By Carol Mizrahi
The wise old owl sat on an oak
The more he heard, the less he spoke.
The less he spoke, the more he heard.
I wish more folks were like that bird!
More and more people are talking, but fewer are listening. They HEAR you all right, but they aren't LISTENING. They don't even pretend. Just watch them — fumbling with their smartphones, cleaning their nails, making lists, staring into space.
Some are too busy formulating a response to what you haven't finishing saying, which is why midsentence, you are interrupted with "Oh, that reminds me " or "Funny you should say that ..." and BOOM! You've been hijacked, and speaker and listener have changed roles. There are "listeners" who are simply waiting to "one-up" you. You'll be in the middle of describing your boat trip on the Mississippi when you are suddenly cut off with: "That reminds me of the year I lived in Ghana, and the village chief taught me how to play the ju-ju net shaker."
Then there are the listeners who can't wait to make you wrong so they can be right. You say: "We were in Calgary last month, in the province of Alberta" and they grab their smartphones and begin pecking away like robins looking for worms. If — after a minute or two — they quietly put down their phones and study their shoes, you've been validated. Calgary IS in the province of Alberta.
There is also a preponderance of listeners with nothing to say but who have a pathological need to keep their mouths moving. They trail your speech with a flow of empty syllables like "uh-huh ... yeah ... and right." I'm not sure why they do this. Possibly they miss the sounds of their own voices, which is understandable given that the number of talking opportunities has been significantly reduced, "thanks" to the growth of social media, emailing, texting, instagrams, Pinterest, etc. The result: The number of people who want to be heard has increased exponentially ...
... which is not to say that all talkers are entitled to good listeners — because they're not! Talkers have to earn an audience by practicing the Golden Rule of Communication: "Talk unto others as you would have them talk unto you." "Conversation" in Webster is defined as an exchange of ideas, opinions, etc., which reminds me of a conversation (more like a monologue) I overheard last week in a coffee shop. A man was describing his recent hiking vacation to a friend. I listened in, thinking I might learn something. Because most of what I know about hiking is that it's a lot like walking — only more so. You put one foot ahead of the other, and then the "other" in front of the "one," and you don't stop until you get to wherever it is you're going. And you carry a water bottle.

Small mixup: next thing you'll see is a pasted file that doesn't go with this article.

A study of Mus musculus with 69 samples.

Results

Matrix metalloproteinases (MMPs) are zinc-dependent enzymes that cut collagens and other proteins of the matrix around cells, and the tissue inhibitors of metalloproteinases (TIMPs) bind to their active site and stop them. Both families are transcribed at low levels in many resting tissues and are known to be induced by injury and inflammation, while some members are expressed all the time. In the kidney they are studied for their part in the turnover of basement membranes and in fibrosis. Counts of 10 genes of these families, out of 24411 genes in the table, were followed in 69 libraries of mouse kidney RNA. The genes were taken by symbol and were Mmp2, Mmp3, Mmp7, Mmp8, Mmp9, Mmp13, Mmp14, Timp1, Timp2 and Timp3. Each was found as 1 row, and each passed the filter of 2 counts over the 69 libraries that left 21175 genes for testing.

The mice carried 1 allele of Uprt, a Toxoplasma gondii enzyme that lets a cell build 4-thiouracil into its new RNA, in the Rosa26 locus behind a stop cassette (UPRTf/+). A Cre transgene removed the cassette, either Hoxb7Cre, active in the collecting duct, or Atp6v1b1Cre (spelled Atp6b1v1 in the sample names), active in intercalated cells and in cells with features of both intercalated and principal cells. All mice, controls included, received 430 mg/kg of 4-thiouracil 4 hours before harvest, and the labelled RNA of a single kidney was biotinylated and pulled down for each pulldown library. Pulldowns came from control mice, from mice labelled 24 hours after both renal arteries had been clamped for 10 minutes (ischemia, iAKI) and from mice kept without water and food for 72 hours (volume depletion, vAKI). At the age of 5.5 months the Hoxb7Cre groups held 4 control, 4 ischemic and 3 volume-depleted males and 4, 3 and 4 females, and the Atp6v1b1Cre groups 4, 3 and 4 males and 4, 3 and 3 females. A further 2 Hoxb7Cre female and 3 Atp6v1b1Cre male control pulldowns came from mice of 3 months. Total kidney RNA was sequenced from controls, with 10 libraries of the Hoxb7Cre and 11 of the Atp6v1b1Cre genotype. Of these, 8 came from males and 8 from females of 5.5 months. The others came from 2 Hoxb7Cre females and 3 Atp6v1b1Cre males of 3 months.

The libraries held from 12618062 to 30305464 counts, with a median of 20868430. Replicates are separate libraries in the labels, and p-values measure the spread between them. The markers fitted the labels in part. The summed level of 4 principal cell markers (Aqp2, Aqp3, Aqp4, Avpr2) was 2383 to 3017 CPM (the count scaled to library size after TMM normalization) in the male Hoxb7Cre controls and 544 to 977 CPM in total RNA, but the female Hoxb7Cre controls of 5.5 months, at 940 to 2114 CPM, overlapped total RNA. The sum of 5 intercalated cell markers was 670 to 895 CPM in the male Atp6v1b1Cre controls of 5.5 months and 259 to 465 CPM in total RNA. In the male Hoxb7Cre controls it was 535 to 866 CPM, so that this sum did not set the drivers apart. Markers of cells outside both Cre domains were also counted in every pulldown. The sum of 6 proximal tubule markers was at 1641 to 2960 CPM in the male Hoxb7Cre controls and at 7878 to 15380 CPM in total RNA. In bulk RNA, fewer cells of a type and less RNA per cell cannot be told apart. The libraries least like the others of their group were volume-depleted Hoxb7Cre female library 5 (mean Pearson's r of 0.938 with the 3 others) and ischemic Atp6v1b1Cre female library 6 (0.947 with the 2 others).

So I listened to this motor mouth describe in painful detail all the nooks and crannies, hills and dales, and flora and fauna he'd seen on his hike. If he hadn't been so caught up with himself, he might have noticed that his friend had — for all practical purposes — left the room. He was staring at the ceiling — mesmerized by a fly walking upside down.
Then, suddenly, the hiker shouted: "Now look at this, Joe!" Joe and I were yanked out of our reverie: Joe to the iPad on the table, and me to the crossword puzzle on mine. But there was no getting away from it — the hiker's second telling of his trek through nooks and crannies, hills and dales, and flora and fauna, now enhanced and expanded with photos.
Toxic talkers like the hiker, who can deliver three or more manuscript pages (over 1,500 words) without any input from or questions to "others," are not entitled to listeners. There is only one avenue to take when in the company of narcissistic talkers — the escape route.
Recent research shows that the people who talk the most are the same people who rate themselves the highest on listening skills. Given this 21st-century reality, that wise old owl from days of yore needs to add another tune to his repertoire, one that better reflects the realities of the 21st century:
A wise old owl sat on a tree
Listening, listening endlessly
No chance to add a word or two
He flew away. And so should you.
Carol Mizrahi is the author of the blog "The Bottom Whine" (thebottomwhine.blogspot.com) and "Coming of Age ... AGAIN," a novel. She lives in Champaign.